Briefing journalists on the 2023 World AIDS Day in Abuja, Aliyu revealed that an estimated 1.8 million Nigerians live with the HIV virus, out of which over 1.6 million have been placed on treatment.

He observed that Nigeria was witnessing a decline in the number of people contracting new HIV infection, and “wants to sustain the tempo by ensuring that Nigeria is not only leading Africa but leading globally in terms of progress towards ending AIDS”.

Aliyu stressed the need to end inequality in access to HIV services, stop stigma and discrimination and ensure that no one is left behind.

He said: “Nigeria, like many other countries, has made significant strides in the fight against HIV/AIDS, but there is still much to be done to achieve the goal of ending AIDS as a public health threat by 2030.

Nigeria has the second-largest burden of HIV infection. Currently, a total of 1.8 million persons are estimated to be living with HIV in Nigeria, out of which about 1.63 million are already on the lifesaving medication of antiretroviral therapy (ART).

According to him, the national average of mother-to-child transmission rate of 22 per cent is driven by a large number of states with transmission rates above 25 per cent and a few states with rates below 15 per cent while Nigeria is responsible for about 30 per cent of the world’s gap in Prevention of mother-to-child transmission (PMTCT).

Aliyu stated that every year millions of dollars are pumped into Nigeria to make sure that the country gets it right and Nigeria is getting it right, adding that the country needs to ensure that all structures required to sustain the response beyond 2030 without Nigeria slipping back into HIV endemic country are put in place.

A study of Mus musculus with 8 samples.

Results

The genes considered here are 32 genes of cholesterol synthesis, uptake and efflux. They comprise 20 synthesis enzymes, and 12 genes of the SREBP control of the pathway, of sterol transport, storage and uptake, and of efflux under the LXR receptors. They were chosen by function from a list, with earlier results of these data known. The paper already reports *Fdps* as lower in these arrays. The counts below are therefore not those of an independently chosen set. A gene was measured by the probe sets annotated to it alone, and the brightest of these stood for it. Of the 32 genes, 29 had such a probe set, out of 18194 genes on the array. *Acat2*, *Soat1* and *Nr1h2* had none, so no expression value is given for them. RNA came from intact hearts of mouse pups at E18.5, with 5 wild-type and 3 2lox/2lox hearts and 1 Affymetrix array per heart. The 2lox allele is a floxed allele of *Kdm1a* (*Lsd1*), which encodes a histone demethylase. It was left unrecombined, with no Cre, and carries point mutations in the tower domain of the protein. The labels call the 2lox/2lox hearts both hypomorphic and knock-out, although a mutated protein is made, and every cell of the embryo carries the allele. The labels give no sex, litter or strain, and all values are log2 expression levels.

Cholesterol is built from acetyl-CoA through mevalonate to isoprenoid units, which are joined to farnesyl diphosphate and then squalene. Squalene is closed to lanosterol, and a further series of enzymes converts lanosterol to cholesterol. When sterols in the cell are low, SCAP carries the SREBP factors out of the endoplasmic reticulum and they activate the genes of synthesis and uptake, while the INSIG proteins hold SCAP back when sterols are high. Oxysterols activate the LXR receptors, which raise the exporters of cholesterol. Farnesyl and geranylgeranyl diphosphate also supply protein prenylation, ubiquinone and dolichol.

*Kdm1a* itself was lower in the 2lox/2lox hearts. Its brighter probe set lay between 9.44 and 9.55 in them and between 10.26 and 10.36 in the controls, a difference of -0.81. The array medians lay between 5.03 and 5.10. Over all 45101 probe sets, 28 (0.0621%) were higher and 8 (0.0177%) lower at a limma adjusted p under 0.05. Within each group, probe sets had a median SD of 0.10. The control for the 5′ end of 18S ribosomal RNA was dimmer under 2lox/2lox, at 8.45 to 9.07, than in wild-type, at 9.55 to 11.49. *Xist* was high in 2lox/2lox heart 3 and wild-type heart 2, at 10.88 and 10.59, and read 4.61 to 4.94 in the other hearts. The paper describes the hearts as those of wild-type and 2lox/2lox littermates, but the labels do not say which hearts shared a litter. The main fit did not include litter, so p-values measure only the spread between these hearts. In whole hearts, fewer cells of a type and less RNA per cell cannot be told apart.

He commended the support of our development partners and global communities, including UNAIDS, United States government through PEPFAR, Global Funds for HIV/AIDS Tuberculosis and Malaria (ATM) and other partners for their indefatigable efforts over the years that have made Nigeria’s HIV response the most resilient globally. The government is poised to continue to keep this spirit going to achieve the global target of ending AIDS in Nigeria by 2030.

Also speaking, Country Director of the Joint United Nations Programme on HIV/AIDS (UNAIDS), Dr Leo Zekeng said that over 40 million people have died since HIV was discovered in the 80s, but added that tremendous progress has been made in the fight against HIV not only in Nigeria but globally.

He disclosed that about 30 million people globally are on treatment stressing that AIDS is no longer the deadly disease we used to know considering that those affected by the disease who take their medications religiously can live a normal life. Zekeng also observed that new HIV infections have declined but we still have children living with HIV that we cannot find and put on treatment.

‘’We need to find those that are hard to reach and place them on treatment. As we pursue the last mile, we need to put communities at the centre of response and end inequalities in access to HIV services”, he added.